Having been a teacher for many years I can relate to earlier posts about how September is that time of clean slates for both students and teachers. Those thoughts brought me right back to my second year of teaching.
I was teaching third grade for the first time in a school that was new to me. I received my room key and my class list and made my way to the second floor of a great old school building. It was a 1930's classic with hardwood floors, high ceilings, and huge windows. My list had 24 boys and girls. One of the veteran teachers on the floor poked her head in. "Do you have your list? Let me take a look."
I handed her the list and she began ticking off the names "Marie. She's sweet. David. Oh, he's nice. He's quiet, but very smart. Tania. She's a bit of a hand full." On and on till she stopped in the middle of the list. "Oh. You have Sinclair. He's just bad. Don't turn your back on that one. He hit a teacher last year!" She shook her head and went on.
As we set up our rooms that day I met another teacher who asked to see my list. I asked her about Sinclair. She was hesitant. "He has a twin brother, Otis. Otis is the nice one. But Sinclair was in a lot of trouble last year." Her mouth turned down. "Then again his father died."
That night I planned my first day. Though I was still a new teacher I knew the beginning would be important. Especially for Sinclair.
Sinclair showed up the first day pimp rolling into the room. Head shaven. Collar of his jacket up. He found his name on a desk and threw himself down in the chair. He stared at the floor. No hello. Not even a glance at me.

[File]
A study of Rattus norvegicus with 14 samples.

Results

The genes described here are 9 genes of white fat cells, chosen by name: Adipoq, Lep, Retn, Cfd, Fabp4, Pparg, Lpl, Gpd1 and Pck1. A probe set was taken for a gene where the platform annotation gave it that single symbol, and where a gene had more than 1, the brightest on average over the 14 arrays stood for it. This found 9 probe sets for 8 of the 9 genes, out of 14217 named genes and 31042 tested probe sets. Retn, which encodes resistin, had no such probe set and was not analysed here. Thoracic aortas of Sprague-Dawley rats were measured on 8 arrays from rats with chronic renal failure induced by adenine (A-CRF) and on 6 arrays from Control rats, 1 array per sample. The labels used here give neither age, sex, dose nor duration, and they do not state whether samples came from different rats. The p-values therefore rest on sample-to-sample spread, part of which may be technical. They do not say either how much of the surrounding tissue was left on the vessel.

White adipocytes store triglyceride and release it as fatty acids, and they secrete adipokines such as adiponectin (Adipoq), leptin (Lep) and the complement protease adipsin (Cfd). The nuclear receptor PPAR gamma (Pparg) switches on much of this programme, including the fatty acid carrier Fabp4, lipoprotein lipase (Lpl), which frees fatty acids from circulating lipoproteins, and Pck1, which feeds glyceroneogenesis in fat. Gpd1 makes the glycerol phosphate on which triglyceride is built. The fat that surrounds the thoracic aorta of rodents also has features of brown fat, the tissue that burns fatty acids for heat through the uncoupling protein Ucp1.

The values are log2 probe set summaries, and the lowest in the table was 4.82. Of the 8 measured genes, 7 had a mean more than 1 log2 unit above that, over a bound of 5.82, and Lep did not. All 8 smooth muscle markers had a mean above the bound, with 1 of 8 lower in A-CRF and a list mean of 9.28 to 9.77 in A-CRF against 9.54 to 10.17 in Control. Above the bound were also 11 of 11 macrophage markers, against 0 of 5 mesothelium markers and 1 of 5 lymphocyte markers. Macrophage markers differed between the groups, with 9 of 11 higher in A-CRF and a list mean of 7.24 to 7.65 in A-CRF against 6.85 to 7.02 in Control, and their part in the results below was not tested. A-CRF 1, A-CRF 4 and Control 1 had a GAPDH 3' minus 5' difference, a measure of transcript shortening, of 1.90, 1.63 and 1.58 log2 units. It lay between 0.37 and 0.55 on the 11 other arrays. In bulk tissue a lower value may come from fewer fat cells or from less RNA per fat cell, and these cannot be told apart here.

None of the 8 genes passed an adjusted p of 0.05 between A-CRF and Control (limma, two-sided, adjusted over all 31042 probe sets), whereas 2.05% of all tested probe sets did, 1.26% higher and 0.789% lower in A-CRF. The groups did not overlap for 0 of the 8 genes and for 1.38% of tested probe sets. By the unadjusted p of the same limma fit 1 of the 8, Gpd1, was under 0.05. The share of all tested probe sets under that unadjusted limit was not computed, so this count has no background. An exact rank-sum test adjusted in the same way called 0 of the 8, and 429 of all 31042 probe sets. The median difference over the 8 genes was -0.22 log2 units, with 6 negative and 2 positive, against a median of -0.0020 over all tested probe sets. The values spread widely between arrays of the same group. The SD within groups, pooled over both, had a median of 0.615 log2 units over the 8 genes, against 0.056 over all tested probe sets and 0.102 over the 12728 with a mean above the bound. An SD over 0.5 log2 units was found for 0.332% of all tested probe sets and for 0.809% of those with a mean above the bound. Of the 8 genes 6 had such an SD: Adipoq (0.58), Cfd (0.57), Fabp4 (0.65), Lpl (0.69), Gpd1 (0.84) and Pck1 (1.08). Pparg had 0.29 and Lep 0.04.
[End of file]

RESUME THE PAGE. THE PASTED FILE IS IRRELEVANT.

I was going to try something I had read about, thought about, but in only my second year, had never yet tried. I asked everyone to come up and take a seat on the carpet. "Okay. Three things I want to do to start us off. One - let's get to know each other." To do that we played a fun memory game that allowed us all to learn each others' names. Sinclair mumbled his name and did not really participate except to smirk to another boy. When I asked him a direct question he just shrugged and looked down.
After the name game, I said, "Two. I have a question for you. Why are we here?" This simple question lead to a great discussion about what their expectations were and what mine were. They were very engaged and visibly surprised. I don't think anyone had ever asked them the question before, but it helped us clarify what the real goals of our year would be and what our beliefs about school were. Sinclair studied his sneakers the whole time, picking at the frayed laces. He never once looked up. When I asked if he wanted to add anything, he shrugged to the floor.
And finally, I made the speech I probably wouldn't have, except for Sinclair. I lowered my voice. "Three. I want you all to know something. Everyone here this year starts with a clean slate."
I said the next words slowly and with emphasis, "I-do-not-care what-you-did-last-year." Sinclair finally looked up. I met his eyes. They actually, visibly widened. I continued locked in, "I don't care if it was great or terrible. I don't care if you got all A's or all F's. It doesn't matter to me what you did on the playground, or in the classroom, or even at home. It means nothing to me."
I paused again. I drew an empty rectangle on the board and wrote under it, "Clean Slate." I turned back to the group. "Your year with me starts today. Right now. This is when we begin." I stopped. "There is no limit to how good we can make this year."
Believe it or not, as hokey as that all sounds, Sinclair really heard those words. He apparently needed to hear those words. I was just lucky I sensed it.
Sinclair turned out to be a fun, intelligent, loyal, trustworthy child. He had his incidents on the playground and could get stubborn and angry, but he always kept it together. He seized his second chance. His blank slate.
Because of Sinclair, every September for the rest of my teaching career, I drew that empty rectangle on the board and talked very deliberately about the clean slate.